For more than a year before we started building, I walked the property and daydreamed. And planned.
Where should the driveway go—high side or low side? Does water stand anywhere when it rains? How long are the shadows from the trees to the east?
We knew that we wanted the house in the top corner looking over the ravine so it would wrap around behind us on our east and north sides. The barn was more difficult to place. If we put it on the low side, the driveway would go past it to our house. But that’s also where all the water naturally flowed (downhill). We didn’t want a wet barn. We also didn’t want our driveway washing out. If we put it on the high side, the drive, house, and the barn would all be dry. But how would the driveway get around the barn to the house once we fenced the paddock for our animals? We didn’t want the barn across the driveway from the field; we wanted our animals to be able to run in and out of it.
Here’s an aerial of where we eventually landed the barn.
So as you can see, I ultimately came up with a plan.
The driveway would cut around behind the barn (between the barn and the woods) to the house—so the barn would be in the paddock and we could get around it to our house. In the aerial above, the darker areas are trees and the house would eventually sit in the corner of the field that has woods on two sides.
The house, drive, and barn would all sit on the higher areas of our property.
The grassy (lighter) area above would become our paddock.
Someday there will be an aerial on file in the county auditor’s office that will show where the house currently sits. That takes some time to update, so I have the above aerial of our barn for now.
Anyway, I did ultimately come up with a plan for our driveway.
And some people didn’t like that plan. (Frank liked it.)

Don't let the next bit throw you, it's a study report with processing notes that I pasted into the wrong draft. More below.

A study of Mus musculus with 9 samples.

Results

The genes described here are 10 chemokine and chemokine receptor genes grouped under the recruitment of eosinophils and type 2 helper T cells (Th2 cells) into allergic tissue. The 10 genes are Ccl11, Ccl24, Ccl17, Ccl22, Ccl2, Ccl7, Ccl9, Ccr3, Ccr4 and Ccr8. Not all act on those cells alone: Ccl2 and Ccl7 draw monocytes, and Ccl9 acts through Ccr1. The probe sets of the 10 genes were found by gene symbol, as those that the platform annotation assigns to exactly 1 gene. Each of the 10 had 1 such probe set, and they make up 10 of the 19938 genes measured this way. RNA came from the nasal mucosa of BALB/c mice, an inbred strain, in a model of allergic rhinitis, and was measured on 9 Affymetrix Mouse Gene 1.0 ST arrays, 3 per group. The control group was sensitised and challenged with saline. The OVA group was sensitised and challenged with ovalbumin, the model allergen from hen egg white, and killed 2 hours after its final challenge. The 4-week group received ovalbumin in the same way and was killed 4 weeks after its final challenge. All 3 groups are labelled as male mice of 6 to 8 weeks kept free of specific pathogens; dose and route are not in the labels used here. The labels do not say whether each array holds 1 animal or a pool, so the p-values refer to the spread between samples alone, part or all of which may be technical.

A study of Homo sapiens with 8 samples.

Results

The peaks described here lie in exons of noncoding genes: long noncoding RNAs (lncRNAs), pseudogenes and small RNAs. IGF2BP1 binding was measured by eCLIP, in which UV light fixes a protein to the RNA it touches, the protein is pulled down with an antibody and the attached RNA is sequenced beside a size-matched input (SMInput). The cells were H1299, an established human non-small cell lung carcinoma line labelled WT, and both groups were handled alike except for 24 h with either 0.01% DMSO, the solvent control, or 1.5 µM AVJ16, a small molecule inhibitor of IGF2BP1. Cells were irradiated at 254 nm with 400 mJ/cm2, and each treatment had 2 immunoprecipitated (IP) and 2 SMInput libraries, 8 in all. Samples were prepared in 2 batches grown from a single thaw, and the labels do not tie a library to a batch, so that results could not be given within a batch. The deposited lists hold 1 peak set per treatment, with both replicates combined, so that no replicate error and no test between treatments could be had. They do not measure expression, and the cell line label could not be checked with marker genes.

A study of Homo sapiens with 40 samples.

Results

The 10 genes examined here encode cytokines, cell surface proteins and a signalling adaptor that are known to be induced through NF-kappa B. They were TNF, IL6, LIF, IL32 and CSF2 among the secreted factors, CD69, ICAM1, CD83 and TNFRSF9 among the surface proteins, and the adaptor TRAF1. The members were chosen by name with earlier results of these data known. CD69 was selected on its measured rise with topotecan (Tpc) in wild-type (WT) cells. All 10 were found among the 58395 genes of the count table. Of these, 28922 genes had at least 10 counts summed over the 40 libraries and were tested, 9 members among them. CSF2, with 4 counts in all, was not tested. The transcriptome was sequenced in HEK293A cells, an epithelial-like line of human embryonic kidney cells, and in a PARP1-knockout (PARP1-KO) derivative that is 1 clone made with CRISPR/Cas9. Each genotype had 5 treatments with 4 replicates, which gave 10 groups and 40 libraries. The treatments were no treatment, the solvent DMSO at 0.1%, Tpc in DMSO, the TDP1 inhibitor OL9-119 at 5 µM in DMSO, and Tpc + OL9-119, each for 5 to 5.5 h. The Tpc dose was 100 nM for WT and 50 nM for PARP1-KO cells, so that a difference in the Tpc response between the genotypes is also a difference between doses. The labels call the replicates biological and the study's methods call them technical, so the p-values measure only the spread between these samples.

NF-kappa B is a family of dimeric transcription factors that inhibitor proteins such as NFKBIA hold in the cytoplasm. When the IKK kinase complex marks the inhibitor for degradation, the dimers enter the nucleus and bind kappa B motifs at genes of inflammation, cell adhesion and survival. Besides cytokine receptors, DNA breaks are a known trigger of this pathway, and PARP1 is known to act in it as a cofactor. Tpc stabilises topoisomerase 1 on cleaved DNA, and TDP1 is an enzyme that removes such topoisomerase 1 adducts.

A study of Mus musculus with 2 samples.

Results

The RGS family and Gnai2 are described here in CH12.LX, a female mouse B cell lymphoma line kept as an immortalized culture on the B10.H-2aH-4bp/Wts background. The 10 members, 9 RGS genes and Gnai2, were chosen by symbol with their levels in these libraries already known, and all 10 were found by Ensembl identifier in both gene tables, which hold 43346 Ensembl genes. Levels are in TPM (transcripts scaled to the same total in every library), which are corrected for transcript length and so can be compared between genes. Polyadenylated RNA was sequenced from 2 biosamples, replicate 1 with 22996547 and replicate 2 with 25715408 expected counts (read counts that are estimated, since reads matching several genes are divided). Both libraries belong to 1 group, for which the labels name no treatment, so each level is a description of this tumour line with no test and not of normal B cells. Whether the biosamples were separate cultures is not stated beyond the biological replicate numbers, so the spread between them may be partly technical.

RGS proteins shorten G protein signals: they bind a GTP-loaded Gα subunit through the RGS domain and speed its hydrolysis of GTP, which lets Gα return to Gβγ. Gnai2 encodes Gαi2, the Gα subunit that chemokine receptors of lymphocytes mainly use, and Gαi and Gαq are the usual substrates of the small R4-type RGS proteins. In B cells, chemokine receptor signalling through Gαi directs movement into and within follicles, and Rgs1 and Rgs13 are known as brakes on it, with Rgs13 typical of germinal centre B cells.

That’s one of the tricky things about building—you have to get pretty confident about your decisions because you’re going to receive 4,000 opinions if you let yourself (per day) (sometimes good, sometimes bad). If you are planning to build, I do recommend poring over books and design sites (ideally while owning the property and spending some time on it) so you can get grounded in what you want before you begin.
This is your home—your homestead. Your land, your layout, your outcome. You’ll be the one living there. And for most, it’s the largest investment and asset of your life.
Of course, you know that. I just have to say it again because it’s easy to get pulled into other people’s ideas when you’re creating your home—whether through a Target ad or your mom stopping by. Or even a Realtor like me talking about the importance of resale value. None of that is bad; some is very good. I’m just saying that it can be hard to stay grounded in your own ideas about how you want to experience daily life in your home when you can so easily turn on the TV to a house flipping show or talk to home-building-advisors pretty much every waking second of your days.
So the first reason to spend time carefully siting your home is because it will be YOUR home.
There are other reasons to spend time getting the home site right—and I’ll discuss more of those in the next post.